Who's Moving Ahead in Cloud Computing?
It's a given in the cloud computing business that Amazon Web Services (AWS) is the clear and undisputed market leader. Sure, the recent Amazon earnings report revealed a slowdown in the growth rate of its cloud revenue. But it's still growing robustly at 38 percent year over year, albeit down from the torrid 60 percent in the prior quarter. Clearly, AWS is the cloud vendor toward which every other vendor harbors great jealousy.
But being today's market leader might not matter much in the long term. The cloud market continually shifts and morphs. It’s still emerging technology. Many companies trust only a fraction of their infrastructure to the cloud, and plenty are just now moving to a major deployment. (Some companies wish it would all go away, given its new complexities and risks.)
Which Cloud Vendor is Gaining Ground?
So put aside AWS's overweening current market position, and instead look at what matters more: Which major cloud vendor is gaining the most ground, relative to its competitors?
That honor, in my view, goes to Microsoft. The Azure cloud platform is widely perceived to be in second place behind AWS, but it’s a strong second place. Microsoft claims some significant wins for Azure: 57% of Fortune 500 companies now use Azure; over 300,000 active websites; 13 billion authentications per week.
Microsoft's hybrid-friendly approach is in marked contrast to AWS's odd insistence on a public-only cloud stance. It's clear that in a world with wildly heterogeneous data centers, all clouds will be some version of hybrid, and that private cloud very much has a place in the future. So Microsoft is more flexible and more realistic in its approach to cloud. This will be a big plus as the months and years roll forward.
Microsoft has enterprise in its core DNA
One other hugely important advantage for Microsoft: it knows enterprise. Microsoft has been criticized – accurately so – for stumbling in some key areas, notably mobile. But even Microsoft's critics concede that Microsoft has enterprise in its core DNA. Its familiarity with enterprise is a major advantage over Amazon and Google. AWS has some big clients, but it's also benefited greatly from start-ups and app development work. Google has arguably even less simpatico with enterprise clients. It’s obviously the king of search and has plenty of creative offshoots (self-driving cars) but large, traditional business? Not really. Is there a single Google employee who owns a blue cotton button-down shirt?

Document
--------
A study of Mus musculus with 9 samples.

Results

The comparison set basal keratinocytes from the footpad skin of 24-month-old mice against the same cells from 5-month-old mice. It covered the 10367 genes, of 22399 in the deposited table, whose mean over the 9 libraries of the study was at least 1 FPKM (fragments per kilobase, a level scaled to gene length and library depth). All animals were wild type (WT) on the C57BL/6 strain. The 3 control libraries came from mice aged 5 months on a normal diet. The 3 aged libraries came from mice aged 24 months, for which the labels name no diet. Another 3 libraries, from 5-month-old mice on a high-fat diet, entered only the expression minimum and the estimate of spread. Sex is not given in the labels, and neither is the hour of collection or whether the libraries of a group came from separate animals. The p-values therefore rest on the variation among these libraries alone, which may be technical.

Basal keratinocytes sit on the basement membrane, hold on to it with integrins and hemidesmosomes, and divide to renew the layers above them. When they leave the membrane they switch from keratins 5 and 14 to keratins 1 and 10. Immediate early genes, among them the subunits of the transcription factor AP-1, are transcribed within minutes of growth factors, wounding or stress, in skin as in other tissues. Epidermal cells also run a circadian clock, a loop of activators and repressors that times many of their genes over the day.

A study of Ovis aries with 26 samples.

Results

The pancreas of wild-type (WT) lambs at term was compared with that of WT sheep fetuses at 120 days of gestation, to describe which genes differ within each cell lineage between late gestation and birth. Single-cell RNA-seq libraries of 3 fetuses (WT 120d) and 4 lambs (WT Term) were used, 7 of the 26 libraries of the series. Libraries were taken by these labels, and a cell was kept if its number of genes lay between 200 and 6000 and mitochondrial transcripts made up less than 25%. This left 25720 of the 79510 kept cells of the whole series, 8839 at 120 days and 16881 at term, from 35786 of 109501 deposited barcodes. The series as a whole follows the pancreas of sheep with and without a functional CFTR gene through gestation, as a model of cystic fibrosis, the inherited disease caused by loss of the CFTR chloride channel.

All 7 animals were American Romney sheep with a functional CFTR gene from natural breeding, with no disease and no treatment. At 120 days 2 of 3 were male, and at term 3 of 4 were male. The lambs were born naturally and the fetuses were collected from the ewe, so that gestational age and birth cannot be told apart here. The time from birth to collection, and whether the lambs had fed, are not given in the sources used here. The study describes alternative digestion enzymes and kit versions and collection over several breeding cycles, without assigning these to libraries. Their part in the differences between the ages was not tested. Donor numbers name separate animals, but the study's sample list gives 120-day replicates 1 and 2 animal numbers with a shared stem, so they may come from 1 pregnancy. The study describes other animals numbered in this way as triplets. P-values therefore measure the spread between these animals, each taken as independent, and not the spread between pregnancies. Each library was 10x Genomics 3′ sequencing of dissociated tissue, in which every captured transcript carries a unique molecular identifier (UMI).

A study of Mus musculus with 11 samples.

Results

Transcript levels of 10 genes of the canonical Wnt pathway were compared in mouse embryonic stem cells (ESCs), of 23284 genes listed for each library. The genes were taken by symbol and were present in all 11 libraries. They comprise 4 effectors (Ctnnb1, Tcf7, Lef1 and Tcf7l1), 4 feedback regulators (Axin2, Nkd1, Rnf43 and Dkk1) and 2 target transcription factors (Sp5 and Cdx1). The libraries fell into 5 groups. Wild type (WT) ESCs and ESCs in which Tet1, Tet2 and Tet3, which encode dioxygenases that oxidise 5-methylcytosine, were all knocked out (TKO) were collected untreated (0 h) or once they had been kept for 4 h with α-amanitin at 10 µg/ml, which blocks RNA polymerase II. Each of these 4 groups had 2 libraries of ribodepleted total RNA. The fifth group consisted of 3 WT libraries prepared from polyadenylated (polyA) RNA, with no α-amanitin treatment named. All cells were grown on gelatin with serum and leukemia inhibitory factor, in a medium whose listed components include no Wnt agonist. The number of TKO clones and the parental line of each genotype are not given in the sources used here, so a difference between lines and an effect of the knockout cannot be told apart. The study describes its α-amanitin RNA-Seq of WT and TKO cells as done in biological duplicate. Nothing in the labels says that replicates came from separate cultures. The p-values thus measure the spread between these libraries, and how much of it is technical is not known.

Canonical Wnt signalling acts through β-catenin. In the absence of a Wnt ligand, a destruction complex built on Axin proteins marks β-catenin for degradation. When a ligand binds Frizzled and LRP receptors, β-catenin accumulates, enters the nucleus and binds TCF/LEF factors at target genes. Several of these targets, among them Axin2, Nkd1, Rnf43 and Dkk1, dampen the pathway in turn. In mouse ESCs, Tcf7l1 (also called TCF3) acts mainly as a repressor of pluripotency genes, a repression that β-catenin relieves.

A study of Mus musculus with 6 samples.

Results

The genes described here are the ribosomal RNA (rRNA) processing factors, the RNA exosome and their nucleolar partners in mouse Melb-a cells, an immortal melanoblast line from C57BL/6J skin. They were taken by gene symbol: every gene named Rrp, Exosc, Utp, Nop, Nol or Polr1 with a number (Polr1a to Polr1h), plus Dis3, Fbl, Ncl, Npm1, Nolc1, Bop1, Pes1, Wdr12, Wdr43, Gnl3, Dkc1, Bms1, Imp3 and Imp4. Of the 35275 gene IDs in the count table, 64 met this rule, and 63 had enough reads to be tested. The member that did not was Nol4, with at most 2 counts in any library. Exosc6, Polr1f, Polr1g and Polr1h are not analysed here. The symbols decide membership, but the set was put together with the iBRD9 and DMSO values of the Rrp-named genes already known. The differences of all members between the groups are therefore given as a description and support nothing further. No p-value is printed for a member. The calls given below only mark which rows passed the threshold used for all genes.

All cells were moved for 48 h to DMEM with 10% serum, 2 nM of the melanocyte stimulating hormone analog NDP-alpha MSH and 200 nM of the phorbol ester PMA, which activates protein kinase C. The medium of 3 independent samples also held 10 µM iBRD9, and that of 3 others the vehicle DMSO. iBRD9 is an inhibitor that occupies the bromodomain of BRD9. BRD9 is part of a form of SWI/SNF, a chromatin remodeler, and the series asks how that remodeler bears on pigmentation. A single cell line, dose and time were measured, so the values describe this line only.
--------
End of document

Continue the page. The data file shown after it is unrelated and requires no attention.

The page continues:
Microsoft's enterprise-friendly stance will be an ever larger advantage as cloud leaves its infancy. Romancing business clients (as opposed to startups and developers) calls for a longer sales cycle and much more hand holding. As businesses consider migrating more to the cloud, they’re painfully aware of an inconvenient truth: cloud is a form of vendor lock-in that’s terribly similar to the old days of choosing one vendor for a critical chunk of your data center. Amid all the happy-talk about cloud’s advantages, that lock-in doesn’t get much press, but it’s hard to argue against. By the time a company contracts with a cloud vendor and then spends months/years getting fully synced, switching to a new vendor is an exponential headache, not to mention a hard-to-calculate expense.
All of which means: enterprise are very reluctant to start to do business with a cloud vendor that doesn't understand their market sector. And Microsoft speaks the starchy (and highly lucrative) language of the enterprise. This fact alone is a huge boon to the Azure platform.
In reality, there's more than one horse race in cloud computing. It’s hard to say which cloud platform will be the biggest – and that may even be beside the point. Because ultimately there’s more than one cloud market. Azure will be strong for the enterprise, AWS will likely remain a favorite for start-ups and app developers. Google, IBM? Who knows which sectors they’ll win. The future remains, well, cloudy. But either way: Amazon, look out. Microsoft is gaining fast.